Hysterectomy is a major gynaecological surgery in which all or part of a woman's uterus is removed, and sometimes the ovaries and fallopian tubes are removed as well. Similar to any other major surgery, recovery time can take several weeks after hysterectomy. It is a major surgery which has a big emotional and physical impact on many women, making it important to prepare properly.
Know about your surgery: Discuss with your doctor about the structures that will be removed in your hysterectomy, and the long term effects of removal of those organs.. After this surgery, you will not menstruate or be able to become pregnant. If the ovaries are also removed, you will enter menopause and may experience menopausal symptoms, such as hot flashes and vaginal dryness. Consult your doctor to know about ways to manage menopausal symptoms.
Get fit: If hysterectomy is planned, try to lose some weight if you're overweight, and start doing exercises regularly to strengthen your heart. If you smoke, quit smoking to make recovery easier, and take iron supplement to increase blood levels if you are anaemic. If you are healthy and in good shape—you may need less time to recover and become fit after hysterectomy.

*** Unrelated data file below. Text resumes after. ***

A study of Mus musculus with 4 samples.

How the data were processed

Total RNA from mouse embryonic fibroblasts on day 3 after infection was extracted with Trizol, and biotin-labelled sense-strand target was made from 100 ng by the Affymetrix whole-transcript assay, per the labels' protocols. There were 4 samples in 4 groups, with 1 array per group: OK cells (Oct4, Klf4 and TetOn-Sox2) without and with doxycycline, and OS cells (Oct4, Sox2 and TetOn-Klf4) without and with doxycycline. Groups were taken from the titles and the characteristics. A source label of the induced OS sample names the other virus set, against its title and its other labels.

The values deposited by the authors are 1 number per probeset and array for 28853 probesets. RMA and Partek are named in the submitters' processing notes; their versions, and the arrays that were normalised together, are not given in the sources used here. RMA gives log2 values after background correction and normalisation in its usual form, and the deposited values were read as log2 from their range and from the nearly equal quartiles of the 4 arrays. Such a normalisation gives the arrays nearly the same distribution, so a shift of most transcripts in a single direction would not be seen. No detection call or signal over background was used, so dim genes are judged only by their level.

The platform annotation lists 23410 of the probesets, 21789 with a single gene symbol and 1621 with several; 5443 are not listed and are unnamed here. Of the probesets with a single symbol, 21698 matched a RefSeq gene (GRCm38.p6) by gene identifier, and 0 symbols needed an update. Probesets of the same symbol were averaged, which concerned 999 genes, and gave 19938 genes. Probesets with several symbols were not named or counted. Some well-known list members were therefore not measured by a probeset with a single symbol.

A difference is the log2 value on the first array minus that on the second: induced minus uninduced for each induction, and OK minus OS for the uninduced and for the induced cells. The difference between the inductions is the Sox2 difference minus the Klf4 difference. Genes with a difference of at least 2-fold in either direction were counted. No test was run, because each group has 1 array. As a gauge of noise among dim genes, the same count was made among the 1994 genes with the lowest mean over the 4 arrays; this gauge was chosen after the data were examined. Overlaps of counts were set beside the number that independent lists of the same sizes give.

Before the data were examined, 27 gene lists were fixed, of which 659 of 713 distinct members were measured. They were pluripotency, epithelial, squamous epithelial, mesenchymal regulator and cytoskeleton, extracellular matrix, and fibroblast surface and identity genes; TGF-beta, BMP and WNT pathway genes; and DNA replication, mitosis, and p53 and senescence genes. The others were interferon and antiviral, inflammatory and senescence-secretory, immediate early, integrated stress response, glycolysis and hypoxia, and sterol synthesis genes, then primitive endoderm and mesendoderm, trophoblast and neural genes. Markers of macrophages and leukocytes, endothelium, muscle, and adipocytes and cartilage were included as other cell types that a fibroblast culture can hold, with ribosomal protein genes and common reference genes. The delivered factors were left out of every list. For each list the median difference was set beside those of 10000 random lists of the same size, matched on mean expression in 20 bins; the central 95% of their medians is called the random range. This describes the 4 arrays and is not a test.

Discuss your medications: Follow your doctor’s recommendations regarding medications before the procedure. Women having diabetes, who are on insulin or oral drugs may need to alter the timing and dose of the medications. Consult your doctor to know about any change in dose or timing of medications both prescription and over-the-counter. You may be advised to stop taking some medications prior to surgery to prevent complications and interactions with anaesthesia. Besides medications, follow your doctor’s advice regarding eating and drinking a few hours before the procedure (such as avoid food and water after midnight). These are important for your safety and well-being.
Prepare for anaesthesia: Discuss with your doctor about your other health problems and allergies. It may help your doctor to know if it could cause a problem with your anaesthesia. Be sure to inform about any long term disease you may have, such as lung disease or heart disease and any previous problems you've had with anaesthesia.
Prepare for after surgery: After hysterectomy, complete recovery will take time and you may need rest for a few days. So take some time off from work and consider getting help from family or friends to handle your household work and children. According to experts, recovery after abdominal hysterectomy takes between four and eight weeks and after vaginal or laparoscopic hysterectomy, (which are less invasive) recovery period is about 1-2 weeks.